The Northern League, Division One of which is Step 5 in the non-league pyramid, is a bit of a world of its own. Despite its name, it’s really a North East league, which was incorporated into the pyramid only in 1991. Even since then only a handful of teams have ever been promoted from it. They have some great team names – Bedlington Terriers, Jarrow Roofing, Norton and Stockton Ancients and, everyone’s favourite, Billingham Synthonia – but most of these teams have been in the Northern League for years with little thought of integrating into the wider pyramid. The Terriers, for example, won the league five years in a row from 1998 to 2002, but stayed where they were in the Northern League without applying for promotion, and the champions of the last two seasons – Newcastle Benfield and Spennymoor Town – are still there in the league as well.
There are a few reasons for this, but traditionally the main problem has been the relative geographical isolation. The next league up, the First Division North of what is currently the Evo-Stik League, consists primarily of teams based along the M62 corridor in Yorkshire, Lancashire and sometimes into Cheshire – the newly reformed Chester are currently top of it – and for a team based in Northumberland there’s a lot of travelling involved. This has impacts beyond the direct cost to the club – it also, for example, means players need to be able to take a lot more time off work. Not everyone is able to do so, and in any case many are happy to stay in the Northern League, which is generally seen as a pretty good league in its own right. It’s not like there’s a big jump in wages to be gained by playing one level higher.
This situation is largely self-perpetuating, and in recent years the Northern Premier League (the one that was the Unibond and is now the Evo-Stik League) have been doing what they can to encourage teams to apply for promotion.
Unfortunately, the experiences of the most recent two teams to take them up on it hasn’t given much encouragement to the rest. Newcastle Blue Star went in up 2007 – they were allowed to do so despite finishing outside the top two, which is the usual requirement – and Durham City followed them after winning the league the following year. On the pitch, both teams did well, lending at least some credence to the theory that the Northern League is perhaps even stronger than the one above it (though I stress that’s not my theory). Durham won the next league up at their first attempt for a second successive promotion in 2009, and in the same season Blue Star won the play-off for the right to be promoted to the (then) Unibond Premier League along with them.
Off the pitch, however, things went pear-shaped for both sides. On discovering that their artificial pitch would not be allowed in the Conference North should Durham win a further promotion, their sponsors pulled out, just as the 2009-10 season was kicking off. The club had to offload their players and play out the season with a scratch side recruited mostly from the local college. It meant a serious losing streak with some heavy defeats that saw their plight gain national attention; and of course it meant an inevitable relegation. Back in the first division – still one league above the Northern League – they’re in midtable this season, and it’s too early to say what the long-term consequences will be.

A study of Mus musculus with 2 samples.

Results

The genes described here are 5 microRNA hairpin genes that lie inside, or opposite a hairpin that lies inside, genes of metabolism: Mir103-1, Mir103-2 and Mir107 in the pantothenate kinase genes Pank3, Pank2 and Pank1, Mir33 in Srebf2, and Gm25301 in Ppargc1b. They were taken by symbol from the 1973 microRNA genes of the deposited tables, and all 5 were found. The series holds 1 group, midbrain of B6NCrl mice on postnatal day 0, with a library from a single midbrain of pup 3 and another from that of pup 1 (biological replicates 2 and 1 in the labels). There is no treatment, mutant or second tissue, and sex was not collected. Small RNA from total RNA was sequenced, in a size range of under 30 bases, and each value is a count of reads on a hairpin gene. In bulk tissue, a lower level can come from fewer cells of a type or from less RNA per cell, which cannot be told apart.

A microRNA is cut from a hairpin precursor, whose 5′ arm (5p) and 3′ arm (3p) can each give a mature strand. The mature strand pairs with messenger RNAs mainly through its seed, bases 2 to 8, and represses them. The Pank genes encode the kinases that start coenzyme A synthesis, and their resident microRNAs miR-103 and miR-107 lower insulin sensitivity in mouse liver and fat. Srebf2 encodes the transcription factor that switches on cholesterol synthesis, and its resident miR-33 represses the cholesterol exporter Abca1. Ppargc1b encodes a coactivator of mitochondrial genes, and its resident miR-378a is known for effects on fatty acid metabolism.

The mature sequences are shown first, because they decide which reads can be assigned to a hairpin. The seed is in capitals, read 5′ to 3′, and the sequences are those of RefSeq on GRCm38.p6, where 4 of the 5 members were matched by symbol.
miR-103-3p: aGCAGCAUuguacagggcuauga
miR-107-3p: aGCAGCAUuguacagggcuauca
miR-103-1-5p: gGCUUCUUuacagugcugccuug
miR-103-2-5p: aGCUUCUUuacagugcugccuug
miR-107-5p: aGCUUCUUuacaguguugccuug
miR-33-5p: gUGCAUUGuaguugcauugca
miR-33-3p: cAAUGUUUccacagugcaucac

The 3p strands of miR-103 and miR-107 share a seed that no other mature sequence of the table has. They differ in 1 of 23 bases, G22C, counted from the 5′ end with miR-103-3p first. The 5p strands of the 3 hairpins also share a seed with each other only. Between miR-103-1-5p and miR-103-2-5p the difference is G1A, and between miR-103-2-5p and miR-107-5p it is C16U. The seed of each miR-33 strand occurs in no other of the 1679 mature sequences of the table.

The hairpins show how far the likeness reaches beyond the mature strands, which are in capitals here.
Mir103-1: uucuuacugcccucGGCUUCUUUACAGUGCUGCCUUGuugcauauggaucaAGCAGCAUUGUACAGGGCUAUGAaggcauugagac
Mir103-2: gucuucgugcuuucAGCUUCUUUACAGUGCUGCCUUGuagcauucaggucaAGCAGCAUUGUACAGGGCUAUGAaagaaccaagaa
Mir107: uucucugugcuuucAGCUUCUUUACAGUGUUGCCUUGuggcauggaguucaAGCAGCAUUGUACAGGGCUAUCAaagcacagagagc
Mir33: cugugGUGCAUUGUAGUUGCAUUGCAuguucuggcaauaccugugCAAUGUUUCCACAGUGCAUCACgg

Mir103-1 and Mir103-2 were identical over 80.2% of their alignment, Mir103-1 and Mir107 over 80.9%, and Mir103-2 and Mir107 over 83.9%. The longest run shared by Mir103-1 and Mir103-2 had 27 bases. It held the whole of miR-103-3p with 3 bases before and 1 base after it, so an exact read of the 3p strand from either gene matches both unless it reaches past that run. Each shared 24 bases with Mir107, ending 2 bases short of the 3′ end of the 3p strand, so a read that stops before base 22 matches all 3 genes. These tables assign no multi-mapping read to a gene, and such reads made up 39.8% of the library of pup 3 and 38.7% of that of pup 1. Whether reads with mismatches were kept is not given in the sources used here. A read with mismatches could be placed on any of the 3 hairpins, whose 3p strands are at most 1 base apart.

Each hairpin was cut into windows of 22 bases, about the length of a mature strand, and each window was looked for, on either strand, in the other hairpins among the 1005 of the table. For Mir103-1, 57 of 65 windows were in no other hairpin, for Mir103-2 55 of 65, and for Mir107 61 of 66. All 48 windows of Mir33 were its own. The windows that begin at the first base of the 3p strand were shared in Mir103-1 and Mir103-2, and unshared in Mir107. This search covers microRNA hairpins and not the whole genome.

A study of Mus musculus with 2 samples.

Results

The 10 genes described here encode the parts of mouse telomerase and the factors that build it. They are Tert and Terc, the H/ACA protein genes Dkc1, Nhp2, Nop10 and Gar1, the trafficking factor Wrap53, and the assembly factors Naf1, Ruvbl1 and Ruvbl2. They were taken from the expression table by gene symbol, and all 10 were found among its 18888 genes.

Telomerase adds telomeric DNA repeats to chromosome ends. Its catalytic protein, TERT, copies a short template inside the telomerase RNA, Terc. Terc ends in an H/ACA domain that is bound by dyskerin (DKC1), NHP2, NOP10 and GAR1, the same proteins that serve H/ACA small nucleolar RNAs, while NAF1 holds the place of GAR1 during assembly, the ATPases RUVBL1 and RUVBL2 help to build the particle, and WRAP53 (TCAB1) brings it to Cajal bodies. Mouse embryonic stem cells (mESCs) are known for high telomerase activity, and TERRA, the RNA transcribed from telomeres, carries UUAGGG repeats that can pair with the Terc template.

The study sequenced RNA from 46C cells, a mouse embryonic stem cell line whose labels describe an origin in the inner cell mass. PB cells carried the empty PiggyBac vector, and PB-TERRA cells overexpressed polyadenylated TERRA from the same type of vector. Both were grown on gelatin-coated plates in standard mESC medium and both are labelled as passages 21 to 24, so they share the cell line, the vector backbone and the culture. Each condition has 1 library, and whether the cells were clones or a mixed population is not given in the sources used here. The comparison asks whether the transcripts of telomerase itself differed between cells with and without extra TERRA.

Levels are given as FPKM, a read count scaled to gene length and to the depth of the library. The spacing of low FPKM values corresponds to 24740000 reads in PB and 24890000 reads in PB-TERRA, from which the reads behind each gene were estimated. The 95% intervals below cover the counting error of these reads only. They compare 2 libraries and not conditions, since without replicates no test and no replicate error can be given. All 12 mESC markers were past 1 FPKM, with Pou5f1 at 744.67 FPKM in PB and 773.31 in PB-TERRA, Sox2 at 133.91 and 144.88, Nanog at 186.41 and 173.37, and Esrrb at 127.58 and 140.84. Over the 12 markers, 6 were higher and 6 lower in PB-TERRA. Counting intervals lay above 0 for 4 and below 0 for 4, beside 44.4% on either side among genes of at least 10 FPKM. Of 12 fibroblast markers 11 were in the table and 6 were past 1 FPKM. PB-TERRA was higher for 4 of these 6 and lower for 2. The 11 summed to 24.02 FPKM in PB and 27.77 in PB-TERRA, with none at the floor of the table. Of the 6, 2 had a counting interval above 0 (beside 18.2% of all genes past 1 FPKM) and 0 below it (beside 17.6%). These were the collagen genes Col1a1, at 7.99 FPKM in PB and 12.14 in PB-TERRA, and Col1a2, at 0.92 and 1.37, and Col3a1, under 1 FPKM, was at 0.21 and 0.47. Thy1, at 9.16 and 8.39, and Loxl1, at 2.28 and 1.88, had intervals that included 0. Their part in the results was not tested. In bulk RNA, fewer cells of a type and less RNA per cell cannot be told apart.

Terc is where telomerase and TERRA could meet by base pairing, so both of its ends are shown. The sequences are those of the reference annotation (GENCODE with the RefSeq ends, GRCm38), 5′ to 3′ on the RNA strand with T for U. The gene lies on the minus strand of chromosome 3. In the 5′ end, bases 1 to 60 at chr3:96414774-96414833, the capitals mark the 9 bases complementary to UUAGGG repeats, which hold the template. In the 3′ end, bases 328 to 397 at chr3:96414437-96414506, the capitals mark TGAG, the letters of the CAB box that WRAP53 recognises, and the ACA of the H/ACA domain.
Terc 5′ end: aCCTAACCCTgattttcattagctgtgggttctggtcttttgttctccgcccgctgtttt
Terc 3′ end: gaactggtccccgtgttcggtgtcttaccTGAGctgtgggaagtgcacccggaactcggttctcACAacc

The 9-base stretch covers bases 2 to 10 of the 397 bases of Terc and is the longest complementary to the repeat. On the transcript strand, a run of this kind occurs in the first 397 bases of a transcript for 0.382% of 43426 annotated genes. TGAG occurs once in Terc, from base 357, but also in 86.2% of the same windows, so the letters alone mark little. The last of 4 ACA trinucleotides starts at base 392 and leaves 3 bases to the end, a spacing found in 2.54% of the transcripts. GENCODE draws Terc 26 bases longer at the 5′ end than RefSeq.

Blue Star’s plight was much worse, though less well-publicised. This site has covered some of the murky politics behind it at the time, and more info can be found from what is now their memorial website, but the gist of it was that, having had to move grounds in order to meet the criteria to play in the higher league, it was then demanded that they repay a grant previously given them for their original ground. Unable to do so, they withdrew from the league and ceased to exist – just a few weeks after that play-off win, which was to be their last act.
Undeterred, this season three Northern League teams lodged applications to be promoted, by the 31st December deadline. Dunston and Bishop Auckland are currently ninth and sixteenth respectively, and looking unlikely to finish in the top two. But the third side to apply are 2007 Champions – and winners of the FA Vase for the last two seasons – Whitley Bay. They’re currently in fourth place, but on a decent run of form since the return to action after bad weather, and look the most likely team to be in a position to step up. (Like Blue Star, it’s possible they may be invited to step up even if they finish below second place.)
Some work needs to be done to the ground – one of the problems is that the dugouts are not currently equidistant from the halfway line, and they may also need a new toilet block (as well as replacing the pie hut which recently burnt down). But crowds have been up since those back-to-back Wembley successes, and for this level – and indeed the level above – they’re very healthy. If anyone can make a go of it, they ought to be able to. Those previous experiences provide a cautionary note, but hopefully there’ll be a success story to come from this outpost of the footballing world yet.
One bit of bad news if they do go up though – they won’t be able to play in the Vase any more. Though I guess it’s probably only fair to let someone else have a go.